13 June 2014by Former Member
Time To Unlock Savings On Indirects.
Category managementCost and Cash Management
In this guest post, Procurement Leaders invites Xchanging VP Jason Evans to lay down the gauntlet and challenge procurement to take the next step in making savings on indirect spend.
It's time to get direct about indirect: businesses are leaving millions on the table. Indirect spend can represent up to 20-30% of revenues and you can expect to save 10-30% on spend through 'excellent' procurement, but this requires the right mix of technology, people and processes.
In order to make the most of this opportunity, teams need to step up in these areas:
The focus with indirect procurement is often on procurement technology. Yet, there's another, deeper level of specialized category tools that can provide an even stronger level of savings and quality service opportunities. Companies must tap those specialized tools to achieve maximum results, and use them through either third party or direct licensing.
Making technology work toward your procurement goals means setting some priorities:
- Create a team and process to explore available technology. Big strides have been made recently by vendors in spend analytics, e-sourcing, contract management software, sourcing document workflow (e-signature and online approval), supplier management (interactive SLA/scorecard dashboards), spot-buy and tail-end spend management (automation/reverse auction), savings tracking, budget planning and more.
- Technology can have a big impact. Collectively, the above tools allow for greater efficiency, improved processes, better visibility, detailed audit, and more accurate tracking and savings measurement.
- The priority is the bottom line. Being able to accurately describe identified savings and then follow them through to bottom-line impact, and even business outcomes, is an incredibly powerful capability; it's the key to elevating the procurement organization to a level of strategic importance within the company.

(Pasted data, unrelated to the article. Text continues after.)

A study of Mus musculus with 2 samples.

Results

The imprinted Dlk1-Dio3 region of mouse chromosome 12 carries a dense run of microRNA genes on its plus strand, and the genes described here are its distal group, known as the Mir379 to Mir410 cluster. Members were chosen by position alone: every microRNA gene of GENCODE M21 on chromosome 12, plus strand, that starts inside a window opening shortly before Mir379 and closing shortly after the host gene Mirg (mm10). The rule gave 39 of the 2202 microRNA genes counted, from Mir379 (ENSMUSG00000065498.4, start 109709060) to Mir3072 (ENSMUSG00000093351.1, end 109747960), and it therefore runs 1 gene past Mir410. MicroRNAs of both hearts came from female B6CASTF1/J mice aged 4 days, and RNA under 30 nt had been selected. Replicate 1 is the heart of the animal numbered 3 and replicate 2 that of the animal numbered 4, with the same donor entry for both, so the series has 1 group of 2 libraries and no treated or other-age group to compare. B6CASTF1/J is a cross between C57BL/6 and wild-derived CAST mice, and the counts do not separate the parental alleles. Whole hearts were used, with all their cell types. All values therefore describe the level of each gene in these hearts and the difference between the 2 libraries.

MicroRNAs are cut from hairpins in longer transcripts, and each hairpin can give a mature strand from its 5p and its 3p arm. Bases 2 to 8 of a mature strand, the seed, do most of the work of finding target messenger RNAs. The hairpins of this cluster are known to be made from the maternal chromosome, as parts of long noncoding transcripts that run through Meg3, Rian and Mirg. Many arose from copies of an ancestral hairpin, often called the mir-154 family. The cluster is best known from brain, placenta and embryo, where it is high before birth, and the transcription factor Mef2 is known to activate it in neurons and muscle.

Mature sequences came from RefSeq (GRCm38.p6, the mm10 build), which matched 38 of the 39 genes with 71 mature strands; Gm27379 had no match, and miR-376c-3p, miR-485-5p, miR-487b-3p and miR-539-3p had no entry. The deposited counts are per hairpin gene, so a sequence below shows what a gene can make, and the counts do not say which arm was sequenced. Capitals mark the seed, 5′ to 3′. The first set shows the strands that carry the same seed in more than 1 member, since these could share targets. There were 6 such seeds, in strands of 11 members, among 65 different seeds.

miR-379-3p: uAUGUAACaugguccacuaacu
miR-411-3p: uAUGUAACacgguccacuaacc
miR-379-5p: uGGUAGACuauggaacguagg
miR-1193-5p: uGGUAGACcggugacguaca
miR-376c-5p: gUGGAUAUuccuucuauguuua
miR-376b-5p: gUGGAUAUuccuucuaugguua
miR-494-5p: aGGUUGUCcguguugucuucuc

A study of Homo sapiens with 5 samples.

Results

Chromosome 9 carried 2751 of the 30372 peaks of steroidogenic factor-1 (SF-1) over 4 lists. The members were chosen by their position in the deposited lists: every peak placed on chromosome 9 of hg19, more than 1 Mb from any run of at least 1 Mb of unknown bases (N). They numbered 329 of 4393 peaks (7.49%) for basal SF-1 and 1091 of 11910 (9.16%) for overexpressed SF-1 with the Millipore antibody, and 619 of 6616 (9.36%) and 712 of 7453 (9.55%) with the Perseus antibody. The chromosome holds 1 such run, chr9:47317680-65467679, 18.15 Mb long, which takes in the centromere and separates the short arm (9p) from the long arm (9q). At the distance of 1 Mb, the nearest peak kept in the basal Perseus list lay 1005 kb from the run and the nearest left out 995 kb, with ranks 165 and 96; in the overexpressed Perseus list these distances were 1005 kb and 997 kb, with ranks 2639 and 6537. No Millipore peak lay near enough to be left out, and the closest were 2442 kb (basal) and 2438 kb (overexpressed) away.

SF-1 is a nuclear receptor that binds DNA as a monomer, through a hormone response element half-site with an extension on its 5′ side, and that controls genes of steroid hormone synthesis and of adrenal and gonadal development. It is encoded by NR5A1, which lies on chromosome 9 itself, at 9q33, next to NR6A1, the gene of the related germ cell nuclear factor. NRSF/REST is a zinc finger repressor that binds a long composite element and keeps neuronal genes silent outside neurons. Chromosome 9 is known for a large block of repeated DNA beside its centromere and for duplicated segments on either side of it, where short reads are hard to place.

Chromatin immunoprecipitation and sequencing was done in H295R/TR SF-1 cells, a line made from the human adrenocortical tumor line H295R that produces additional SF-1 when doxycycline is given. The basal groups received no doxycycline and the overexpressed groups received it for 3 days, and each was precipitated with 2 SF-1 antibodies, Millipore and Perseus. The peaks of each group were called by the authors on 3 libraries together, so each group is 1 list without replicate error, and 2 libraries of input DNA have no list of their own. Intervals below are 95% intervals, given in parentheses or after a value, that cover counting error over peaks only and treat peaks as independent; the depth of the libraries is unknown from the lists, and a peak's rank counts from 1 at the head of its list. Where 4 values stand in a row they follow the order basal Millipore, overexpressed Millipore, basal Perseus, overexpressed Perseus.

The majority of attention at most organizations is paid to direct procurement. To the extent that indirect is addressed, it's frequently done by generalists, not specialists, which limits efficiency and impact. Consider these tips when seeking to secure and retain the right talent:
- Invest in talent development. Commitment to developing and coaching your SMEs with critical attributes and competencies goes a long way.
- Budget appropriately. Expect to pay when looking for the select skills. Allow for bonuses when contributing to the company's cost management, quality, delivery on time, inventory management, etc.
- Allow assignments. If your company has international divisions, consider partial or full assignment and business line experience. This allows growth to your top talent and confirms your commitment to their progress.
- Find other means to help grow talent within. Hire former and/or experienced consultants for knowledge transfer.
World-class procurement organizations take an integrated, end-to-end approach from source through pay and make the commitment needed to develop internal stakeholder relationships to get maximum indirect spend under management. Consider these objectives:
- Target 85% spend under management. Indirect spend is highly splintered. Significant effort and stakeholder relationship development is required, but world-class organizations are able to achieve 85% or more of indirect spend under management.
- Integrate your sourcing and procurement organizations. There must be tight linkage between sourcing and procurement to ensure that negotiated savings are pulled through to the bottom line. Consider appointing a liaison to bridge the two functions.
- Increase the frequency of sourcing events. Determine an average length of time between sourcing events in each category and set quantifiable goals to reduce those lengths of time.
- Assign dedicated teams to run sourcing events. Create your sourcing teams based on talent, experience level and category priority. Without a dedicated team with category knowledge to run quality sourcing events, requirements are often not accurately captured and money is wasted on high-specification products/services.
Jason Evans is vice president at Xchanging, a business process, procurement and technology services provider. Learn more at www.xchanging.com.